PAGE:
My current research interests focus on the impacts that climate change will have on insect behaviour, ecology and physiology; insect community structure along environmental gradients; and insect-plant interactions.
I am currently President of the Ecological Society of Australia and Zoology Museum Curator, University of New England.
Professor for Ecotoxicology and Environmental Sciences at the University of Gothenburg, with a main interest in regulatory (eco)toxicology and risk assessment of complex exposure situations.
I am an Associate Professor of Biological Sciences at Wright State University. Previously I was a postdoctoral fellow at McGill University working in Macroecology with Brian McGill. My PhD is from the University of Maine in Wildlife Ecology with advisers Bill Krohn and Raymond O'Connor, and MS (German Diplom) in Conservation Biology from Philipps University Marburg with Harald Plachter and Peter Poschlod, in collaboration with Alan Burger from University of Victoria.
Assistant Professor of Ecology and Evolutionary Biology at the University of Tennessee. My lab focuses on: 1) the factors that influence patterns of biodiversity with a specific focus on plant genetic variation, genotypic diveristy, and phylogenetic diversity. 2) The impacts of plant genetic variation and genotypic diversity on associated biodiversity and ecosystem function. Recipient of the Australian Research Council Future Fellow and Rising Star Leadership Fellow.
I got my PhD in Physics at Rome University, working with Luca Peliti and Giorgio Parisi on biologically inspired problems: evolutionary models and Boolean networks. Since then, I have always been interested in computational biology: Protein folding, Stability and population biology constraints in protein evolution, Conformation changes in proteins, Structural evolution of proteins, Theoretical ecology, Ecological interactions among microorganisms.
Emily Bernhardt is a biogeochemist who is broadly interested in the capacity of ecosystems to retain nutrients and energy in the face of human accelerated environmental change. The bulk of her research examines the effects of land use change and chemical pollution on the structure and function of aquatic ecosystems and the potential for restoration and mitigation approaches to reverse ecosystem degradation.
My research addresses how genetic and environmental variation is maintained in sexually selected traits. My students and I use an animal behavior approach that incorporates tools from nutritional ecology, ecological physiology, and quantitative genetics. Our laboratory-based empirical research quantifies the phenotypic and genetically based variation in condition, life-history traits, and sexually selected traits and determines how this variation is influenced by diet and physiology.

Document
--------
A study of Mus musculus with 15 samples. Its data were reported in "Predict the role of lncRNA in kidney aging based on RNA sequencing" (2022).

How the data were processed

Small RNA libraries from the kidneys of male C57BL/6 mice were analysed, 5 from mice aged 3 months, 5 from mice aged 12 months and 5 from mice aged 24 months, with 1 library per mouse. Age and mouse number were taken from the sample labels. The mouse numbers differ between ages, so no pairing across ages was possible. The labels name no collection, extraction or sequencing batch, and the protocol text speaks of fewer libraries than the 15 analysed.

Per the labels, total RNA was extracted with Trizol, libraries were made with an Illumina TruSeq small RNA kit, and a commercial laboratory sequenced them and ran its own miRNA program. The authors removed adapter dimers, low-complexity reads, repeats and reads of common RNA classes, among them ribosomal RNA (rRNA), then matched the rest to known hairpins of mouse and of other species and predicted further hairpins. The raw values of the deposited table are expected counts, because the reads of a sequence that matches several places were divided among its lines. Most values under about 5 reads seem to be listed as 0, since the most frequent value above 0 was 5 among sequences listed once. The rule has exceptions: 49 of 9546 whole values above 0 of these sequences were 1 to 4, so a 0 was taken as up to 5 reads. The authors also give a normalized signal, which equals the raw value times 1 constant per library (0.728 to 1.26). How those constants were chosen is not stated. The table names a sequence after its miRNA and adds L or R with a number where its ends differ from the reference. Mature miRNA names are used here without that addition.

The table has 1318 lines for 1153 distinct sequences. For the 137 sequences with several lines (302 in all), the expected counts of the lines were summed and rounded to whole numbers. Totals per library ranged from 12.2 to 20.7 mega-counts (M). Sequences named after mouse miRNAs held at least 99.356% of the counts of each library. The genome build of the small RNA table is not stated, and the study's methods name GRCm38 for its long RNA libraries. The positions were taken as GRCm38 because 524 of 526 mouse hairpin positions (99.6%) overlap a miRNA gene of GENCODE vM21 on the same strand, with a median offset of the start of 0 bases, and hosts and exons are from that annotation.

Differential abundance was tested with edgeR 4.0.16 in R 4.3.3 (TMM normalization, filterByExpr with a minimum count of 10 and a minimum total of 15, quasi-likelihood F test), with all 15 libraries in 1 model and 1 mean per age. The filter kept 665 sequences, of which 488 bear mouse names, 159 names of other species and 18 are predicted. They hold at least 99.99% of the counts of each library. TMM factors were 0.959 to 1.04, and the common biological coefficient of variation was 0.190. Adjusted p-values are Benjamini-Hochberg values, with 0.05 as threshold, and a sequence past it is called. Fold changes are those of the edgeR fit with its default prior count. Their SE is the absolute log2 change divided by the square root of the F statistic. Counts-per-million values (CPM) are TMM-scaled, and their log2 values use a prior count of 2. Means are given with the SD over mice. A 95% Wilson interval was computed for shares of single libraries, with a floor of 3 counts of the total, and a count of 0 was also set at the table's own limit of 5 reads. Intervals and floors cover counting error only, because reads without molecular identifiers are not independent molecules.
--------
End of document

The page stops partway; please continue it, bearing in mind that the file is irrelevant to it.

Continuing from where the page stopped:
Senior scientist at the Department of Terrestrial Ecology of the Netherlands Institute of Ecology. Associate editor of Insect Conservation and Diversity and Web Ecology.
Wadsworth Endowed Chair in Conservation Science and Prof. of Biology, University of Washington, Director for Center for Penguins as Ocean Sentinels and the Wildlife Conservation Society Magellanic Penguin Project, and Adjunct Curator of Ornithology, Burke Museum. Recipient of 2012 Ocean Conservation Award Aquarium of the Pacific, 2010 Nature Conservancy of Washington Environmental Hero, 2009 Annual Heinz Award for the Environment. Former President of the Society of Conservation Biology.
John Bruno is a marine ecologist and Professor at The University of North Carolina at Chapel Hill. His research is focused on marine biodiversity, coral reef ecology and conservation and the impacts of climate change on marine ecosystems. John earned his Ph.D. from Brown University in Ecology and Evolutionary Biology and was a postdoctoral fellow at Cornell University in disease ecology. He is currently working primarily in Belize, the Bahamas, Cuba, and the Galapagos Islands.
I am a Senior Lecturer in Ecology at Lincoln University, New Zealand. My research focuses on understanding the processes that structure biological communities. In particular, I am interested in drivers of spatial and temporal patterns in species diversity, such as environment, species interactions, dispersal, and phylogenetic constraints. I work with a wide range of taxa including invertebrates, plants and fungi, in a variety of field and laboratory-based systems.
Professor Bunn is the Director of the Australian Rivers Institute at Griffith University in Brisbane. His major research interests are in the ecology of river and wetland systems with a particular focus on the science to underpin river management, and he has published widely on this topic.